Result-wise, they look ordinary but what the results don’t tell is that they fought in every game and didn’t let their opponents breathe easy
ZIMBABWE were expected to pull off a couple of upsets but despite coming close to doing that on a few occasions, they couldn’t really deal the coup de grace.
They would have been greatly satisfied with their campaign if they had managed to beat a big team but the team threw away important moments, especially against India and Pakistan.
While against India poor catching stood in the way, against Pakistan, a batting failure meant they couldn’t even chase down a modest 236.
The defeat against Ireland made their outing worse. Losing Brendan Taylor to county cricket was another pain they had to deal with.
World Cup performance: Played 6, Won 1, Lost 5. Finished sixth in Group B.
Zimbabwe’s sweated their way to a four-wicket win against United Arab Emirates, memorable in the sense that it was their only win in Pool B.
However, their high point has to be the match against India where Brendan Taylor smashed 138 and made the Indian bowlers look ordinary, especially R Ashwin and Ravindra Jadeja who until then had bowled beautifully in the tournament.
Zimbabwe eventually lost the game but there is no doubt that they ran India close. The match also was Taylors last match for Zimbabwe and that made it all the more memorable.
Zimbabwe started their campaign with a 62-run defeat against South Africa. However, it wasn’t a bad outing, considering they gave the Proteas some nervous moments.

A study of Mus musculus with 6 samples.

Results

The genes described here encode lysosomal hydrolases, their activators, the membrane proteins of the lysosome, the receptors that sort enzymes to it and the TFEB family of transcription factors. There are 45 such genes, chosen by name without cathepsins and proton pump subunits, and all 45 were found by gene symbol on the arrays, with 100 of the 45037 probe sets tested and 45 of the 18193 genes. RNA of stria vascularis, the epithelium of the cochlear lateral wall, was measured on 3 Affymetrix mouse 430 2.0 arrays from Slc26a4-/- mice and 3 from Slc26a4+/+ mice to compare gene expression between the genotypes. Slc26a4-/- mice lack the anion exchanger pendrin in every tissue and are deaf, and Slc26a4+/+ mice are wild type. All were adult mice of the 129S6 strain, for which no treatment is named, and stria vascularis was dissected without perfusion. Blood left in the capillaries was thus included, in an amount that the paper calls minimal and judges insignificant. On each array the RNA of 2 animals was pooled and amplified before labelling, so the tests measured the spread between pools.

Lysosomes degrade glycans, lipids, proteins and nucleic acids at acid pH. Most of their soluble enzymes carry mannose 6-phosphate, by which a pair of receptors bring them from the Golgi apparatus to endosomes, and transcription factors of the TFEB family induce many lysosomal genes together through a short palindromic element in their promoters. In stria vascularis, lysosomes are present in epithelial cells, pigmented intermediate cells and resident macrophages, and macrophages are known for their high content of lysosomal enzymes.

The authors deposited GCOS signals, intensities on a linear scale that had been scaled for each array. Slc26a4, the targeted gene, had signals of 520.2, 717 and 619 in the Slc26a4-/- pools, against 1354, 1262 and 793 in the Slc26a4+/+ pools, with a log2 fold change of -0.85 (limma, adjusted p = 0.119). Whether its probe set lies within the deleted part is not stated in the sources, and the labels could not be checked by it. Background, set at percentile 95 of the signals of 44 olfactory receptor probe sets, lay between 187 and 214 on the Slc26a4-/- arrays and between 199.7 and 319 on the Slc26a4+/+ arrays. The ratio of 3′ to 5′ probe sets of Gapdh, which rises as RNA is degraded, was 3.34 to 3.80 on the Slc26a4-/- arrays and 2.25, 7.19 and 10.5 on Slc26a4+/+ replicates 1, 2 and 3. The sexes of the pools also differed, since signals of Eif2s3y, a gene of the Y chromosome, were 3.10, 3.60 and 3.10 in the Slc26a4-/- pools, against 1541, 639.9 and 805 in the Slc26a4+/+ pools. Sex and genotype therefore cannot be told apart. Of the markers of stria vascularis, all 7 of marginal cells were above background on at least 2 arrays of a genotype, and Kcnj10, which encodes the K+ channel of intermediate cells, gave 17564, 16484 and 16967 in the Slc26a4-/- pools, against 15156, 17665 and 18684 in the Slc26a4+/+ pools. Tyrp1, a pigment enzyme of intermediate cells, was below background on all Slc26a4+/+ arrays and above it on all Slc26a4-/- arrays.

But the defeat to Associate team Ireland later in the tournament was definitely their lowest point. Chasing 332 to win, the Zimbabweans fell short by five runs.
What added insult to injury was that Sean Williams, who was on course for a ton, rushed back to the pavilion after getting caught on the boundary by John Mooney. The TV referral showed Mooney had touched the rope in the process of taking the catch but since Williams was already back in the hut, he couldn’t be called back. The match perfectly summed up Zimbabwe’s campaign.
Elton Chigumbura had to pull out after four matches on account of a thigh injury he had picked up against Pakistan, a match where Zimbabwe wasted a golden opportunity as they, chasing 236 to win, fell short by 20 runs.
Great results weren’t expected of Chigumbura’s team in light of their resources but they played well and showed they weren’t there just to make up the numbers.
Credit to Chigumbura and Taylor, who captained in the last two matches, for keeping up the team’s morale in the face of four successive defeats.
Most valuable player
Taylor had announced going into the tournament that it was the last time he will be playing for Zimbabwe and he succeeded in leaving his imprint by scoring 433 runs at an impressive average of 72.16. The fact that Virat Kohli, Shikhar Dhawan and Suresh Raina shook Taylor’s hand on his way to the pavilion manifested how much respect he inspired in his opponents.
Allrounder Williams was another player who staked his claim for the most- valuable-player award, scoring 339 runs at 67.80 with the help of four fifties as well as taking eight wickets.
As one of the most experienced players in the team, Hamilton Masakadza was always a vital cog but he had a sub-standard tournament.
The 31-year-old started off well with 80 against South Africa but after that waned terribly with scores of 1, 5, 29, 5 and 15.
He was also the one who dropped Suresh Raina early into his innings and the India’s left-hander went on to score his maiden World Cup ton and spoil Taylor’s farewell party.
When all is said and done, Zimbabwe managed to impress on a few occasions but a big win eluded them.
Result-wise, they look ordinary but what the results don’t tell is that they fought in every game and didn’t let their opponents breathe easy.
A bit more effort, however, could have made their campaign that much better.